Gorman: H.S. football at heart of it all
TribLIVE Sports Videos
Thirty-one years ago, a father followed what has become a rite of passage on Friday nights in Western Pennsylvania. He took his 5-year-old son to a high school football game and introduced him to a new world.
A small world, it turns out.
They followed the Mt. Lebanon Blue Devils, home and away, over the next several seasons. The kid missed only a handful of games, mostly when he was forced by the father to go trick-or-treating on Halloween. His costume• Football player. Every year. Here's the irony: The father taught him to love football but wouldn't let him play. Maybe because, in one of those games the kid missed in September 1980, the father watched Ringgold football player Bruce Groomes die of a chronic heart disorder.
The kid loved the sport anyway.
It's where he learned the difference between stars and heroes.
Who would have guessed that the kid would become a sports writer who covered high school football for the first 10 years of his career and still follows it closely• That his picture would appear at the top of this column?
People often ask, what is so special about high school football in Western Pennsylvania• It's the fabric that connects a community, a bond that links one generation to the next. It's the final time you see a group of kids who grew up together playing on the same team. They could be your family, friends or neighbors - sometimes, all of the above.
Fortunately, my introduction to high school football coincided with the start of Mt. Lebanon's era of dominance. After being upset by Gateway in the WPIAL semifinals in '79, the Blue Devils won the inaugural WPIAL Class AAAA championship in '80, the first of four in a five-year span.
They were star-studded, my memories of them vivid: lineman Bob Schilken jumping over a center to sack the quarterback - 15 years before the LaVar Leap - and running back Mark Hart racing 100 yards for the game-winning kick return against Aliquippa at The Pit, only to have it negated by a clipping penalty. From fifth to 12th grade, it was Hart's only loss.
My favorite player, though, was a running back by the name of Danny Gorman, my cousin and the reason we followed Lebo so fervently. A photo of him carrying the ball once ran in a local newspaper -- with our last name misspelled. My father, the late Paul Gorman, used it as a lesson in accuracy, a reminder of how important it was to get the facts straight.
That conversation was later taken into consideration that, in every story, you were writing about what might be the biggest moment of a player's sports career. And that it was your responsibility to treat it as such.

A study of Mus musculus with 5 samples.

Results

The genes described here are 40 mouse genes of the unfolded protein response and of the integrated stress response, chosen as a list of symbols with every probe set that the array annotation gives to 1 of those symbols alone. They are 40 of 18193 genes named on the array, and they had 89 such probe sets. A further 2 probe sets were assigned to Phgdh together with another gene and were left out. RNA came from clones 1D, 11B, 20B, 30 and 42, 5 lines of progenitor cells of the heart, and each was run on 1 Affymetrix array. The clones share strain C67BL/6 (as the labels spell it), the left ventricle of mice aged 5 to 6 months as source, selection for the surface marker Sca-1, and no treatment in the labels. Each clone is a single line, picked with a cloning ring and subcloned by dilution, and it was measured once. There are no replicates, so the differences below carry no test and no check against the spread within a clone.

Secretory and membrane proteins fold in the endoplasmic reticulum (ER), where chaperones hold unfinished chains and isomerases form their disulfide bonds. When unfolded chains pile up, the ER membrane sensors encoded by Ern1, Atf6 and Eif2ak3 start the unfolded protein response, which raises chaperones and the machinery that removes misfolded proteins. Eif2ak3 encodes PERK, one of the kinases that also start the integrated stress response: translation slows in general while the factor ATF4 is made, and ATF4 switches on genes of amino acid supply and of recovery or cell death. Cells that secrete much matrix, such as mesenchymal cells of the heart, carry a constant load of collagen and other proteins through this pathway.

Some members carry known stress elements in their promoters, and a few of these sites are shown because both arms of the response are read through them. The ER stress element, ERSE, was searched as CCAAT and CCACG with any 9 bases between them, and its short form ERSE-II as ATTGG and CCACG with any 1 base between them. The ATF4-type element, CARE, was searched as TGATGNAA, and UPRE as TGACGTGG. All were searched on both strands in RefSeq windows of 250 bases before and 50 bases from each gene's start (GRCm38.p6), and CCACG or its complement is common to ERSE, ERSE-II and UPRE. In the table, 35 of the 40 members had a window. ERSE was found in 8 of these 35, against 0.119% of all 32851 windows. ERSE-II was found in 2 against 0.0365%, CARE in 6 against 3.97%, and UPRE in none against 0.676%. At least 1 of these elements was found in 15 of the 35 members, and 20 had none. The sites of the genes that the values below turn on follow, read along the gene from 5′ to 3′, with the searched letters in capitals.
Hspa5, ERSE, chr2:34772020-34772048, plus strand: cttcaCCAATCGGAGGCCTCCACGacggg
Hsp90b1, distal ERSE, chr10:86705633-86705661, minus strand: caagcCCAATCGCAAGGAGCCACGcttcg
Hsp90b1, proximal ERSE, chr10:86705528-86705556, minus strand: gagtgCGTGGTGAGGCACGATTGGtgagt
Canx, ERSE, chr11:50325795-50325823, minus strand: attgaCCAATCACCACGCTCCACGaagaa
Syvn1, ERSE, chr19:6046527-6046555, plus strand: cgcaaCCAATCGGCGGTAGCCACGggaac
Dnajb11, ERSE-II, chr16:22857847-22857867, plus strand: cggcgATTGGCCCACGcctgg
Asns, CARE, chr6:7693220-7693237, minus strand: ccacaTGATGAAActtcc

Covering high school football never got old, whether it was watching Woodland Hills' Steve Breaston bolt 87 yards for a touchdown at Heinz Field, West Allegheny's Tyler Palko hurdle a Perry player into the end zone at Cupples Stadium, Aliquippa's Darrelle Revis score five different ways in Hershey, or Jeannette's Terrelle Pryor weave through defenses and dash down the sidelines just about everywhere he played.
The best thing was every season ended with a championship game.
It was full of surprises, none more so than this: the kid's career path crossed with the stars of his childhood. Hart is director of business for the Steelers - his son, Kevin, is a sophomore all-purpose back at Seton-La Salle - and Schilken an orthopedic surgeon with AGH Sports Medicine.
A small world, indeed, one I plan to formally introduce my 5-year-old son, Kieran, to this fall. We'll be following the defending WPIAL champion Bethel Park Black Hawks, where our cousin, Nick Marshall, is a sophomore running back - and Schilken is the team physician.
Hopefully, high school football will make the same impression on Kieran, and he'll learn to distinguish a star from a hero.
The stars are the players we follow every Friday and beyond.
The heroes• The men who take us to the games.
Show commenting policy
TribLive commenting policy
You are solely responsible for your comments and by using TribLive.com you agree to our Terms of Service.
We moderate comments. Our goal is to provide substantive commentary for a general readership. By screening submissions, we provide a space where readers can share intelligent and informed commentary that enhances the quality of our news and information.
While most comments will be posted if they are on-topic and not abusive, moderating decisions are subjective. We will make them as carefully and consistently as we can. Because of the volume of reader comments, we cannot review individual moderation decisions with readers.
We value thoughtful comments representing a range of views that make their point quickly and politely. We make an effort to protect discussions from repeated comments either by the same reader or different readers.
We follow the same standards for taste as the daily newspaper. A few things we won't tolerate: personal attacks, obscenity, vulgarity, profanity (including expletives and letters followed by dashes), commercial promotion, impersonations, incoherence, proselytizing and SHOUTING. Don't include URLs to Web sites.
We do not edit comments. They are either approved or deleted. We reserve the right to edit a comment that is quoted or excerpted in an article. In this case, we may fix spelling and punctuation.
We welcome strong opinions and criticism of our work, but we don't want comments to become bogged down with discussions of our policies and we will moderate accordingly.
We appreciate it when readers and people quoted in articles or blog posts point out errors of fact or emphasis and will investigate all assertions. But these suggestions should be sent via e-mail. To avoid distracting other readers, we won't publish comments that suggest a correction. Instead, corrections will be made in a blog post or in an article.